When they are not tending to international affairs, diplomats based in Havana can be found these days stewing in interminable lines at gas stations and concocting ways to increase the octane in fuel as Cuba’s premium gasoline shortage takes its toll.
Cuba sent around an internal memo last week advising that it would restrict sales of high-octane, so-called “special fuel,” in April. That is not an issue for most Cuban drivers, whose vintage American cars and Soviet-era Ladas use regular fuel.
But it is for the embassies that use modern cars whose engines could be damaged by the fuel at most Havana gas stations. So the diplomats are taking a leaf out of the book of Cubans, used to such shortages, and becoming resourceful.
Given the U.S. trade embargo, Cubans have for decades had to invent new ways to keep their cars on the road, replacing original engines with Russian ones and using homemade parts.
“I bought octane booster, and the embassy has bought lubricants, meant to help the motor deal with rubbish gasoline,” said one north European diplomat, who got a relative to bring the booster in his luggage given it is unavailable in Cuba.
“At the moment we are using the car that runs on diesel, so we can ‘survive’,” said an Eastern European diplomat.
Cuba has not announced the measure officially yet. According to the memo, “the special fuel remaining in stock at gas stations from April will only be sold in cash and to tourists until the inventory is depleted.”
“It’s very serious. I have already suspended a trip to Santiago de Cuba for fear of lack of gas,” said one Latin American diplomat, adding that it seemed like the problem would last. “Diplomats are very worried.”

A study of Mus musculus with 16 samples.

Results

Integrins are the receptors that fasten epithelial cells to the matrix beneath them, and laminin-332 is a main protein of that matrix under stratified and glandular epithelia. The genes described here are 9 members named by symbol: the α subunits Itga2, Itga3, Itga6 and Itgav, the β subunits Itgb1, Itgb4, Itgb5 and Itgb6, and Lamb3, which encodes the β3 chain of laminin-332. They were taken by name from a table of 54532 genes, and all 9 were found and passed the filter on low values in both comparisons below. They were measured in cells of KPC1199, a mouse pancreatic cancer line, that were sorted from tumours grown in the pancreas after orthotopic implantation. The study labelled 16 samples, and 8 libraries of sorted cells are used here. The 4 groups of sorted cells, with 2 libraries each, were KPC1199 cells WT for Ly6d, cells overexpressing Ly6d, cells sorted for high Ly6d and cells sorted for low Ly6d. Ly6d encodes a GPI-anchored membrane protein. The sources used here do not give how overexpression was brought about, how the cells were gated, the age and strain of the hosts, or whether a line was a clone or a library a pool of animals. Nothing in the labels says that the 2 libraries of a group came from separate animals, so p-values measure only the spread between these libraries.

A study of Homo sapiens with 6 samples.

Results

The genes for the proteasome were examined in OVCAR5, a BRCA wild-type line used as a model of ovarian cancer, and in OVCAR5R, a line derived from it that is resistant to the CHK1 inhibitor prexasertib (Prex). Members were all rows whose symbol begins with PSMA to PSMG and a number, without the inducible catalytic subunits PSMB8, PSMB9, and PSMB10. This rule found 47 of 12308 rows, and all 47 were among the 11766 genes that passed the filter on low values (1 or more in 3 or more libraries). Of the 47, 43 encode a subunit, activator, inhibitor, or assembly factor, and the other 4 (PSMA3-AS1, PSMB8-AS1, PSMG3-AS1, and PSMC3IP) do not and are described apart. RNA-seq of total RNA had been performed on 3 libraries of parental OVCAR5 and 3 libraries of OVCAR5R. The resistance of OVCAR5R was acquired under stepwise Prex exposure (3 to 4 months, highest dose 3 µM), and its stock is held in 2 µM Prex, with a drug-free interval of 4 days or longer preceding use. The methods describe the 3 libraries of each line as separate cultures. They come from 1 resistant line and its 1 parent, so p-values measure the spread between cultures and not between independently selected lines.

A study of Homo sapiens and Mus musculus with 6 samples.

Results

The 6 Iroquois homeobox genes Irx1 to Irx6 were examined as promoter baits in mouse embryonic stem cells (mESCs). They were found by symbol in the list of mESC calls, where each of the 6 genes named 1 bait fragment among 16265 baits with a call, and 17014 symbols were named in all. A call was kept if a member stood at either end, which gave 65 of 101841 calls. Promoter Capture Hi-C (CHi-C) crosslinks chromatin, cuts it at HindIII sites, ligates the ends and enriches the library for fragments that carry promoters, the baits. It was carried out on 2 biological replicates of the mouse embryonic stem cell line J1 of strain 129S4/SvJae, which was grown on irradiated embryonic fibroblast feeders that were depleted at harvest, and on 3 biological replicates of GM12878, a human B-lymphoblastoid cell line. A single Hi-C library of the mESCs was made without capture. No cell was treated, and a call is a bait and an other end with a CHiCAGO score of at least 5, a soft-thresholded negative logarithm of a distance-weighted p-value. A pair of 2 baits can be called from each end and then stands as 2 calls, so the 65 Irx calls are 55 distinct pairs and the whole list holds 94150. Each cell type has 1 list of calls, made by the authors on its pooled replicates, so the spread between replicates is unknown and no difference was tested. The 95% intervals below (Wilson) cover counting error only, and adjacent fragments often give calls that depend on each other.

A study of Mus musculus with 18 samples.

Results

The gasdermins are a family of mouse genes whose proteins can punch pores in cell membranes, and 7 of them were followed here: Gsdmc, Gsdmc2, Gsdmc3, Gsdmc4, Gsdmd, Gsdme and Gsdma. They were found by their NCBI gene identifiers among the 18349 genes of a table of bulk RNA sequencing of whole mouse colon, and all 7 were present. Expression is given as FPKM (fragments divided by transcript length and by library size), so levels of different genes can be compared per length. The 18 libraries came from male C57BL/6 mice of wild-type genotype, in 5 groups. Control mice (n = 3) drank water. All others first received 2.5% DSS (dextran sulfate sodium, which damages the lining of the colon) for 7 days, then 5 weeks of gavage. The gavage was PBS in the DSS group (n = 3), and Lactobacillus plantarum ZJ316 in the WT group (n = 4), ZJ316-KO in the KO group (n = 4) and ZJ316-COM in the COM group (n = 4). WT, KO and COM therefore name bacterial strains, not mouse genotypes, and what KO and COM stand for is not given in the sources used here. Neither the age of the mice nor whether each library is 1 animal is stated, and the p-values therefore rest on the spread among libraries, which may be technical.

Some embassies in Havana have people scouting out which stations still have some higher-octane fuel and are sending around regular updates to staff. One gas station worker said they were getting small deliveries of fuel each day still.
The embassies are also advising people to carpool or use the diplomatic shuttle.
Meanwhile the European Union has requested from the ministry of foreign affairs that one or more service centers be set aside for diplomats with special gas, according to a European diplomat.
Cuba has become increasingly reliant on its socialist ally Venezuela for refined oil products but the latter has faced its own fuel shortage in recent weeks.
Meanwhile, the Communist-ruled island cannot easily replace subsidized Venezuelan supplies as it is strapped for cash.
Although the memo referred to April, it is not clear how long the shortage will last. Cubans joke that once something disappears in Cuba, it is never to return, referring to products that have disappeared from their ration book like cigarettes, beef and condensed milk.
The Peugeot dealership in Havana has sent its clients lists of technical tips on how to protect their motors while using lower-grade gasoline, including more frequent maintenance and ensuring vehicles at running at optimum temperature before driving.
The shortage is also impacting others using modern cars such as taxi drivers, tourists and workers at joint ventures.